In women, a strong link between human papillomavirus infection and heart disease has been identified by US researchers.
While the research is still in its early stages, experts said that if confirmed it could offer a promising new avenue in the fight against heart disease, which is the number one killer of women in most parts of the world.
"Nearly 20 percent of individuals with CVD (cardiovascular disease) do not show any risk factors, indicating that other 'nontraditional' causes may be involved," said lead author Ken Fujise, Director, Division of Cardiology at University of Texas Medical Branch.
"HPV appears to be one such factor among women," said Fujise, whose findings appear in the November 1 issue of the Journal of the American College of Cardiology.
HPV is the most common sexually transmitted disease, with more than 40 types, some of which can cause cervical cancer or genital warts, but most of the time HPV causes no symptoms at all.
At least 50 percent of sexually active men and women will get HPV at some point in their lives, according to the Centers for Disease Control and Prevention.
Often, the body can clear the infection on its own, but certain types, known as oncogenic strains, can turn into cancers and need to be closely monitored.
Researchers got the idea to investigate HPV as a potential cause of heart disease because of the way it causes cancer by inactivating two tumor suppressing genes: p53 and retinoblastoma protein (pRb).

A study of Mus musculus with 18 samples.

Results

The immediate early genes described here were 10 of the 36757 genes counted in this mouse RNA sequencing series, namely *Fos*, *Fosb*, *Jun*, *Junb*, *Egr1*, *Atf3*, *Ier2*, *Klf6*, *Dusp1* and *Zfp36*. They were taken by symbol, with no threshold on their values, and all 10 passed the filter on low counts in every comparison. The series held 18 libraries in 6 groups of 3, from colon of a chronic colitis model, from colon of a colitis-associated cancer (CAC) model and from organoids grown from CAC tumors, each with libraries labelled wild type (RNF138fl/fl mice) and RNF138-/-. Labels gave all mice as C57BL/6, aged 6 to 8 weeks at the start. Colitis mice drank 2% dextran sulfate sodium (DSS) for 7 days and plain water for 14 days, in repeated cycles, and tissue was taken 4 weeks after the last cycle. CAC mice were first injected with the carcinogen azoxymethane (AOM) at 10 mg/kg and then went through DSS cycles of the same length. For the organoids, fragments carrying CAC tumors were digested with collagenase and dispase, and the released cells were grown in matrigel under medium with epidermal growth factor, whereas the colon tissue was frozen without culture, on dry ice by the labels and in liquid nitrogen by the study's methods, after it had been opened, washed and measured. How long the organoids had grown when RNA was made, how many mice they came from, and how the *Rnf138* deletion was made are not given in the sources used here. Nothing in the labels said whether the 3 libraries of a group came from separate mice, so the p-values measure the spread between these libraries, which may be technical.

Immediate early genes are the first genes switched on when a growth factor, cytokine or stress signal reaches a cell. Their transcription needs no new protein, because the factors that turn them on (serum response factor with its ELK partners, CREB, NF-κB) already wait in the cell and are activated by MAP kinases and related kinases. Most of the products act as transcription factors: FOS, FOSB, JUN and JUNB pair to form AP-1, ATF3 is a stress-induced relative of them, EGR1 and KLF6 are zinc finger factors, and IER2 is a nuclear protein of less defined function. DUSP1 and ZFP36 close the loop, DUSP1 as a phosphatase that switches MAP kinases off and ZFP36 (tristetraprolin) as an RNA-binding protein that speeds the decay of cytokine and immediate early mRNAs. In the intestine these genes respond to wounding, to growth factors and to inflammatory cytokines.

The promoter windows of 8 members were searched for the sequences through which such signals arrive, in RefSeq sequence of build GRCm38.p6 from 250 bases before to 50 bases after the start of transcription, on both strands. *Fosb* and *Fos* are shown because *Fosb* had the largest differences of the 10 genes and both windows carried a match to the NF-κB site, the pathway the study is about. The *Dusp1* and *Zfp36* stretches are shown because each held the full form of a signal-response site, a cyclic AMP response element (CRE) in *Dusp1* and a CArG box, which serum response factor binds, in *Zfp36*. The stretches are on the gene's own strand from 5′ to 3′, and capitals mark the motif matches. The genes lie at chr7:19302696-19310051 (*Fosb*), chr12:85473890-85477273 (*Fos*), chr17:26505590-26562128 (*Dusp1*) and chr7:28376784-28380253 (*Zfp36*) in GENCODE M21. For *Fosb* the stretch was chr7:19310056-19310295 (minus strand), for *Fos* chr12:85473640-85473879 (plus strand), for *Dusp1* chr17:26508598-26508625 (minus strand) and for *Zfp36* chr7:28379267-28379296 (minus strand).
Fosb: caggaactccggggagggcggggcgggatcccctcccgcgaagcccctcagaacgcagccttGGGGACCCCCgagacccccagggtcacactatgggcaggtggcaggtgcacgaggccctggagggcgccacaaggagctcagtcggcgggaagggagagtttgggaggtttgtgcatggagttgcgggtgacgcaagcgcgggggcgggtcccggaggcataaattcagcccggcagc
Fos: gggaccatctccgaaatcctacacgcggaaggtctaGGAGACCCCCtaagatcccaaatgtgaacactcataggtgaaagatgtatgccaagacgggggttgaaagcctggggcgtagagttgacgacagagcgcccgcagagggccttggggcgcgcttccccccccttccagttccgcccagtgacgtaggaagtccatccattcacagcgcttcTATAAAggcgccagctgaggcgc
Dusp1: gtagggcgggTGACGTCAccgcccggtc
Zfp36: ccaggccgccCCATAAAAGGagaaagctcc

The gene p53 is key to regulating the process that leads to hardening of the arteries, or atherosclerosis, while pRb is a crucial factor in regulating cell growth and proliferation.
While they have not confirmed this link and have not established whether or not HPV may cause heart disease, they did see that "oncogenic HPV types were strongly associated with CVD," said co-author Hsu-Ko Kuo, also of UTMB.
They did not see a link between HPV and other metabolic risks such as high cholesterol or high blood pressure.
The data was derived from a survey of 2,500 women age 20-59 who took part in the National Health and Nutrition Examination Survey (NHANES) from 2003 to 2006.
The women were tested for HPV DNA via self-collected vaginal swabs. A full 44.6 percent of the women in the survey tested positive for HPV, and 23.2 percent had cancer-causing HPV strains.
Because the swabs were self-collected, Fujise warned that the actual incidences of HPV could be higher than seen in the study. Similarly, women self-reported their rates of heart disease, which could leave some cases undiagnosed and therefore not included.
Future studies could seek to better understand how HPV infection relates to atherosclerosis, and could examine whether HPV vaccine has any impact on likelihood of developing heart disease, the study authors said.
Nieca Goldberg, medical director of the Women's Heart Program at New York University Langone Medical Center, told AFP the research provides an "out-of-the-box look at other factors that can increase women's risk for cardiovascular disease."
"This is the beginning of probably some very interesting research but more work has to be done," said Goldberg, who was not involved with the study.
"Women are likely to get their first heart attacks about 10 years after menopause but the risk starts early," she added.
"And although we know lots about traditional risk factors such as cholesterol, high blood pressure, diabetes, and smoking, I think it is important for us to look at other potential risk factors that can help us assess women at an earlier age and get them in the system."
If the link between HPV and heart disease is confirmed, scientists could work on developing a drug to stop the inactivation of the p53 gene and prevent heart disease in women with HPV, said Fujise. At present, no such drug exists.
In the meantime, doctors "should monitor patients with cancer-associated HPV to prevent heart attack and stroke, as well as HPV patients already diagnosed with CVD to avoid future cardiovascular events," he said.